Boise State’s MakerLab—also called the Makerspace—is making strides in its growth on campus. What was formerly a mere 3-D printer in a librarian’s office is now its own room filled with maker technology.
Over the summer, the MakerLab relocated from the first floor to the second floor of Albertsons Library to accommodate the space’s increasing needs. In its new location, it will provide more resources to students, allowing them to explore maker technology.
Amy Vecchione, assistant professor and librarian at Albertsons Library, has played a large role in the MakerLab’s expansion.
“Students will have everything they need, and they will get these really great job skills to put on their resumé,” Vecchione said. “The more student involvement we have, the better everything is going to be.”
According to Vecchione, a brand new multimedia studio is also being planned as a part of the MakerLab’s expansion. Funding for this project was secured by Boise State’s Office of Information and Technology. It is slated to be completed by Spring 2018.
Students visiting the new MakerLab location will often find students from Boise State’s Creative Technologies Association (BSCTA) hanging around the space. This student club is heavily involved in the day-to-day operations of the Makerspace.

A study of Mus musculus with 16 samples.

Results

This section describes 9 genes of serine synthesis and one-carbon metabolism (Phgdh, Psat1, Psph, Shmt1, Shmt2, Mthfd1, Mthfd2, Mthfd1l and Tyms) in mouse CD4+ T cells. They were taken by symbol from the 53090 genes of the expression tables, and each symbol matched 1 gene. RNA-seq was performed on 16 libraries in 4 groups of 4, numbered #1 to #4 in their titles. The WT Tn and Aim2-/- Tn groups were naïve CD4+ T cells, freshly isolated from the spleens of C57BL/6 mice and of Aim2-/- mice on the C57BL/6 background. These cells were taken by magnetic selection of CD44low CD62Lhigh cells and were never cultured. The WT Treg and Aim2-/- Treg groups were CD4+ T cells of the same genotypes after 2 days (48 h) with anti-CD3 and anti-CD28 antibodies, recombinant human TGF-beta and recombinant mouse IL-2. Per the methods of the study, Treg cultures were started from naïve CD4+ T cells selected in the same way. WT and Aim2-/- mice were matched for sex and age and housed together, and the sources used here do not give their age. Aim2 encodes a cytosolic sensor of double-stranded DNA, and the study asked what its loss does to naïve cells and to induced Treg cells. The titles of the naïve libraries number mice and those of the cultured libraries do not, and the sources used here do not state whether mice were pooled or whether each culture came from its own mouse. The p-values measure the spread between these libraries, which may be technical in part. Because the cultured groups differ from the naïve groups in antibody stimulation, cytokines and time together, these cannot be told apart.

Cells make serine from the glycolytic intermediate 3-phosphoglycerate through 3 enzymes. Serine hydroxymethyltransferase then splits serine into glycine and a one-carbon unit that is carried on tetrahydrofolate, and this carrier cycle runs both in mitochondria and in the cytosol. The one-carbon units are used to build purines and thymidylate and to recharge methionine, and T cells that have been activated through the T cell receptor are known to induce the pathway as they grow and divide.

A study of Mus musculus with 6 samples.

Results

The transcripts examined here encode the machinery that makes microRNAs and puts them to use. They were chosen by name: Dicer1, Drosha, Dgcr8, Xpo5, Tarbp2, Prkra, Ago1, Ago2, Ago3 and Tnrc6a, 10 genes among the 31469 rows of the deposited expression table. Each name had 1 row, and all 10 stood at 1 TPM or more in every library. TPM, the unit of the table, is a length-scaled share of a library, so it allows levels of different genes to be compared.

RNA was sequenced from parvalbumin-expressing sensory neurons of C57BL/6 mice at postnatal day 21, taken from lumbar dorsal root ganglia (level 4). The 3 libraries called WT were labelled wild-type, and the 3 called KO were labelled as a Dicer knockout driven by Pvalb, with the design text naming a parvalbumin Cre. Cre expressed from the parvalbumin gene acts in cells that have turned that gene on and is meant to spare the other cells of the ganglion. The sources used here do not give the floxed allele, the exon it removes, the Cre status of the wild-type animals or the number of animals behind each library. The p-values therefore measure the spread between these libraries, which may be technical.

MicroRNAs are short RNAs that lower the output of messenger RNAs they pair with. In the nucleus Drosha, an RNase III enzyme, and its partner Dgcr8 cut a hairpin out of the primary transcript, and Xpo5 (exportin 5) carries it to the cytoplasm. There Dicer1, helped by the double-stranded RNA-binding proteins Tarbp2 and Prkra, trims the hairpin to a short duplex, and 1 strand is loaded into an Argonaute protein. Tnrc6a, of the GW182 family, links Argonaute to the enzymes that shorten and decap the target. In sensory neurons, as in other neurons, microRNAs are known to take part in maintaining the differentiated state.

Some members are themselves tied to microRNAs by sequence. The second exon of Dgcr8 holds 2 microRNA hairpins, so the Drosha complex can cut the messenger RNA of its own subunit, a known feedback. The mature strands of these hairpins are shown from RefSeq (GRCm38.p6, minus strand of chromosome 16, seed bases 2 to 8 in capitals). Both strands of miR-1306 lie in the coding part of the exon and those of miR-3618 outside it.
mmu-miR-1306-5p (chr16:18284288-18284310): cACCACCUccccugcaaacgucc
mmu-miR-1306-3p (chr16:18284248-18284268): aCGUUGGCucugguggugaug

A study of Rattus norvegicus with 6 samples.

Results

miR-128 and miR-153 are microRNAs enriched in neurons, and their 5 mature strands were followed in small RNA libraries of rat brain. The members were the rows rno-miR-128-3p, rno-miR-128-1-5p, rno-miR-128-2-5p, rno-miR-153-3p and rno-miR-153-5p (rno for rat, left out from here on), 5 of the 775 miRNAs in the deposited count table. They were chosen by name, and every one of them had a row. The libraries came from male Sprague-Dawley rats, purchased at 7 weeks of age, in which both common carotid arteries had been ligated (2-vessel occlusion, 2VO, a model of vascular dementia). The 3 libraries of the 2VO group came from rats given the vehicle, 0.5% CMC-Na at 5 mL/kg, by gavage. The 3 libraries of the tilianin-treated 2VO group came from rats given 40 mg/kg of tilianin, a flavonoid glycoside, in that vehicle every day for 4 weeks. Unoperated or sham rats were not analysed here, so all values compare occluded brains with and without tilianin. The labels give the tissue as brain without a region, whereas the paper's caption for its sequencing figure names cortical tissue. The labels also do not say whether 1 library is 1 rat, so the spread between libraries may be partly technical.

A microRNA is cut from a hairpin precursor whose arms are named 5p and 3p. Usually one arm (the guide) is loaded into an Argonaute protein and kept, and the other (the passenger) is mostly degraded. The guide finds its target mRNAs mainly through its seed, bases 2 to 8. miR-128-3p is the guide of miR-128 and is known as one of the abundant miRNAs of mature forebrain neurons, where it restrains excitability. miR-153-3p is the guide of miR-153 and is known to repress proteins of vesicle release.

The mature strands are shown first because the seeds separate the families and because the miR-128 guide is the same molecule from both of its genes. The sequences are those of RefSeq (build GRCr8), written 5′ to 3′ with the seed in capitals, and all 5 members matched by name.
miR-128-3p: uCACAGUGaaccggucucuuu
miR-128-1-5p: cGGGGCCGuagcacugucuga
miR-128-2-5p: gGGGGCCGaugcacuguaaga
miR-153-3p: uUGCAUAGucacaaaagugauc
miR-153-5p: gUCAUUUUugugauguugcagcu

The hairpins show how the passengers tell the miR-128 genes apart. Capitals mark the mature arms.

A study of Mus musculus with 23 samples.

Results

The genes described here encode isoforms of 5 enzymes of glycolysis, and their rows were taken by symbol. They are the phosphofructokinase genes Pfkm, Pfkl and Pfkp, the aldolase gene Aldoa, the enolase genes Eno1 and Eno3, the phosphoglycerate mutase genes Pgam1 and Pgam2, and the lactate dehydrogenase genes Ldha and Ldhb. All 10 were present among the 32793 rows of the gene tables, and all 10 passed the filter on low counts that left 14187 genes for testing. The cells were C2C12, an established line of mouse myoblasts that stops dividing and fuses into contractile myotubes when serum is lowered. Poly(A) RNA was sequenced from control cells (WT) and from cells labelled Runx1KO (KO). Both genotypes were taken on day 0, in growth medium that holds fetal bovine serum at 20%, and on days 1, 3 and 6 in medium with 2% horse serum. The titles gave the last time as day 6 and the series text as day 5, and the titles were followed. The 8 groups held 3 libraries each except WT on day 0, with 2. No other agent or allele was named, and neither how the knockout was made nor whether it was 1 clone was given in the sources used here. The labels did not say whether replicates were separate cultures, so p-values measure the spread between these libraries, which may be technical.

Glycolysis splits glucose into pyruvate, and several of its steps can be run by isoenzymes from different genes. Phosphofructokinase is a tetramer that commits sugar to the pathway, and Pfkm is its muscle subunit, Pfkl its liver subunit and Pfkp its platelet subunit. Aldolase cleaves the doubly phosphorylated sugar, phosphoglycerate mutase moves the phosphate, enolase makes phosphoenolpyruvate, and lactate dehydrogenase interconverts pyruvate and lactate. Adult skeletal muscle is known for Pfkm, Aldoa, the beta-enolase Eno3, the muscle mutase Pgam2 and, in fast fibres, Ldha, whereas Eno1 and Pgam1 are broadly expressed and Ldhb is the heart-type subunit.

“We grew with the Makerspace. We were created right when the Makerspace first took off as an idea, before it even existed as a physical space,” said junior multimedia experience design major Scott Schmader.
Schmader is the current President of BSCTA and one of the founding members of the group. According to Schmader, BSCTA is now embracing the role of bringing together the Makerspace, the campus and the community.
Over the past couple of years, BSCTA has received about $4,000 annually from ASBSU to go toward their club’s maker technology. Such technology includes a 3-D Scanner, a projector for projection mapping and an AxiDraw.
“(The Makerspace) feels very much like a student run space,” Schmader said. “We feel like we have a very tangible presence and influence over what goes on in the Makerspace.”
All of the training and equipment is free for students. Any student from any discipline is able to visit and use the equipment within the Makerspace once completing training.
There is also maker technology available for checkout at the library, including a brand new RICOH THETA 360 degree video camera.
For more information, visit the MakerLab’s website.